Somewhere in this photo is a Polygonia comma butterfly - an Eastern Comma. You might be thinking 'but it's too cold out for butterflies, there's snow on the ground', and generally you'd be right but the Eastern Comma is one of the unique species that can hibernate through winter and wake up to feed on the earliest of the spring wildflowers!
"Overwintered adults fly and lay eggs in the spring until the end of April. The summer form emerges and flies from May-September, laying eggs that develop into the winter form. These adults appear in September or October and soon seek shelter in which to overwinter."
The past two months the local fungi has emerged in all it splendor. It's nearing the end of the season and I'd say this year's turn out was pretty great.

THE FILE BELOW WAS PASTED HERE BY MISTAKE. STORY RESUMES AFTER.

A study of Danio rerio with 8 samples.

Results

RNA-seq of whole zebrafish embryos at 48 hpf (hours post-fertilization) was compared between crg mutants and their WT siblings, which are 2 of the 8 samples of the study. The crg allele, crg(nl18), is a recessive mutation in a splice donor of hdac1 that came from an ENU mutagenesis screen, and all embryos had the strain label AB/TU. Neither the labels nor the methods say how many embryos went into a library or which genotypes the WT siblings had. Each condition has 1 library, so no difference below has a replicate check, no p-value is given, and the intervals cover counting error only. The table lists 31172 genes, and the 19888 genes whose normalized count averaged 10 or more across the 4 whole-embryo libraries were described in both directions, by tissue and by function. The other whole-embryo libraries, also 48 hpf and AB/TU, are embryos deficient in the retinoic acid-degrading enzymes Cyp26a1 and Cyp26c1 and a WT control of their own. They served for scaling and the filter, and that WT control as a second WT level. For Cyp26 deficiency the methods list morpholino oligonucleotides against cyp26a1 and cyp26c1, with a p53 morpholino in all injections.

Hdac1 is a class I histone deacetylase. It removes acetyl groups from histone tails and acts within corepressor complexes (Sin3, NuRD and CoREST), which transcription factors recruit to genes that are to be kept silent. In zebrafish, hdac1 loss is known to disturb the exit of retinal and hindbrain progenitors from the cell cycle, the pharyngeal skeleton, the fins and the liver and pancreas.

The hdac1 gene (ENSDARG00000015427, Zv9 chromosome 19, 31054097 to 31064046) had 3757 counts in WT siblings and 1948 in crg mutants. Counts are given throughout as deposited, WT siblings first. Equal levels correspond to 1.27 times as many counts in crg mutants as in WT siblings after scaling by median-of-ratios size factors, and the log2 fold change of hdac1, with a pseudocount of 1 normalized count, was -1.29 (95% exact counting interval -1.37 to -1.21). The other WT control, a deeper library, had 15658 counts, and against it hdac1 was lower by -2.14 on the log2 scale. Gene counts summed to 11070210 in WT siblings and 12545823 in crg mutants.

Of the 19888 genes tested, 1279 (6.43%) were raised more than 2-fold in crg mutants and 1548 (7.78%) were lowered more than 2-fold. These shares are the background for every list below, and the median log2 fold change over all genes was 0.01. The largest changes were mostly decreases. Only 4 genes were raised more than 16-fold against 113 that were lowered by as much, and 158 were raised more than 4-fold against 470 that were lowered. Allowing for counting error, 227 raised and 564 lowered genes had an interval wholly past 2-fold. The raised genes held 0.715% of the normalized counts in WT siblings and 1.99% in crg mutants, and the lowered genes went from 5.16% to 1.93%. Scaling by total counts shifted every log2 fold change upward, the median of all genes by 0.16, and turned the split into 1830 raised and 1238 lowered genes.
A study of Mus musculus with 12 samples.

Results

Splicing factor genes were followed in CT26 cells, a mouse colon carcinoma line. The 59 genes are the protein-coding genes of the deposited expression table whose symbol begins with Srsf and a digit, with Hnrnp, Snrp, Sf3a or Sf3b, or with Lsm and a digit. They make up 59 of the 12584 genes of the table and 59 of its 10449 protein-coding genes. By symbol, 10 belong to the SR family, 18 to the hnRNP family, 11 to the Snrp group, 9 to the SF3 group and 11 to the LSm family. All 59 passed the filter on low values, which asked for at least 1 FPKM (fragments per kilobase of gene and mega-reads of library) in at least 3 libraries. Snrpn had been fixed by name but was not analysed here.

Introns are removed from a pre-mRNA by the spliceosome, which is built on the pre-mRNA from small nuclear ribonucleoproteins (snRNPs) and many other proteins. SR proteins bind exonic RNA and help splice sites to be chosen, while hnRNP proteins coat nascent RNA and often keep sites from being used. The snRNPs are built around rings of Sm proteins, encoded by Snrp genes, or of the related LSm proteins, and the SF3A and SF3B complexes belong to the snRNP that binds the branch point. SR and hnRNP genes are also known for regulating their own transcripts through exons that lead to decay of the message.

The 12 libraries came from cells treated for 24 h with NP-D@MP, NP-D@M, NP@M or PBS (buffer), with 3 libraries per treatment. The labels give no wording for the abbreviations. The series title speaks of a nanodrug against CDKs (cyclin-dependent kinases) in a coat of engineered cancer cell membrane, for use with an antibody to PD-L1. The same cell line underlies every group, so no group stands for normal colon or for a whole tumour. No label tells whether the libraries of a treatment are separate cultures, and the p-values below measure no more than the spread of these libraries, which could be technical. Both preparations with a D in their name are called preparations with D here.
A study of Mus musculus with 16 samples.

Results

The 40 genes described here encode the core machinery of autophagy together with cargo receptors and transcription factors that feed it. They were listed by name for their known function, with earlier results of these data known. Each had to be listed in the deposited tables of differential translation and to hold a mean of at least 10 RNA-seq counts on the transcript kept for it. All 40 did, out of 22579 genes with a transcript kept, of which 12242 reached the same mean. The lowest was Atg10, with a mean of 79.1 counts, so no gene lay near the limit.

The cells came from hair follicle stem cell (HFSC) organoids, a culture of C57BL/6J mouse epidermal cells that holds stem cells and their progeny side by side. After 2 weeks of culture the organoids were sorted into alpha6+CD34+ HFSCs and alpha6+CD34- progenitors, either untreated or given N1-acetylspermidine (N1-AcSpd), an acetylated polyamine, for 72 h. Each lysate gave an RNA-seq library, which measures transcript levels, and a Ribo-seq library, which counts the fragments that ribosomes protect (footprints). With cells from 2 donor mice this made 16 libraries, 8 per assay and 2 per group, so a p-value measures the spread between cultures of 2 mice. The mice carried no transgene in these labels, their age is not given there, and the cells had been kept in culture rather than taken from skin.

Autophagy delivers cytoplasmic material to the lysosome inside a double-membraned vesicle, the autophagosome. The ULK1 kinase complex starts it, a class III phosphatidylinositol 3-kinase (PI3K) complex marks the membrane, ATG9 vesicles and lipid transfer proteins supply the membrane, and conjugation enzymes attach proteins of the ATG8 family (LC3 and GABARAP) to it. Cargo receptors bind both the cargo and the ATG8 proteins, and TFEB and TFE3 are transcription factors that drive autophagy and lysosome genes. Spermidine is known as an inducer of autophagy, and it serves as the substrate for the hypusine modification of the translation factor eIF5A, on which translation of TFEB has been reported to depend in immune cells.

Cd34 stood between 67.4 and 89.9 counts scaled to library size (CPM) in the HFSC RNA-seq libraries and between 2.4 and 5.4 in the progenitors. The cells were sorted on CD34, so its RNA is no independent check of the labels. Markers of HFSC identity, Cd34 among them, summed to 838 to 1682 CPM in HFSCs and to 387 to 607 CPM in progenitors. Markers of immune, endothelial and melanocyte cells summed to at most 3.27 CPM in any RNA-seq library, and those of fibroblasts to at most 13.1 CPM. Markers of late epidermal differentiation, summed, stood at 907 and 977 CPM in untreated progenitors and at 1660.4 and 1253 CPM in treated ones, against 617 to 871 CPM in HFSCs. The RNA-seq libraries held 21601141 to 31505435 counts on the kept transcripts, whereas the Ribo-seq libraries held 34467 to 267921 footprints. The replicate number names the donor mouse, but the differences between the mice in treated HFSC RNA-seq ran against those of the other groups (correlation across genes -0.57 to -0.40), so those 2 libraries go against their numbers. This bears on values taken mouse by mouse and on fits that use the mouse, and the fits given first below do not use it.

Enjoy the gallery of some of the ones I've found then scroll to the bottom to learn more about one of the most common types of fungi and then one of the most unique types I've found this year.
Can you even believe it's already been a month? Today's trek was nice, the smell of freshly fallen leaves, the sounds of the crunching underfoot, the birds flitting about as if it were springtime again.
At this point on the Trillium hill, most of the plants have withered away, receeding into their winter home under a blanket of leaves. The majority of the remaining green (besides the evergreen 'christmas' ferns) can be found in the waterleaf, holding on as best it can, and the blue stemmed goldenrod or wand goldenrod which has gone to seed. Once more the pines in the distance are quite visible, as are the fallen trees.
What an interesting experiment this has been!
Migration map courtesy of All About Birds - Cornell Lab of Ornithology
Since 2015 we have been exploring and sharing all the amazing things we’ve found in nature.
Emily is an Ohio Certified Volunteer Naturalist who is most often found out in the woods.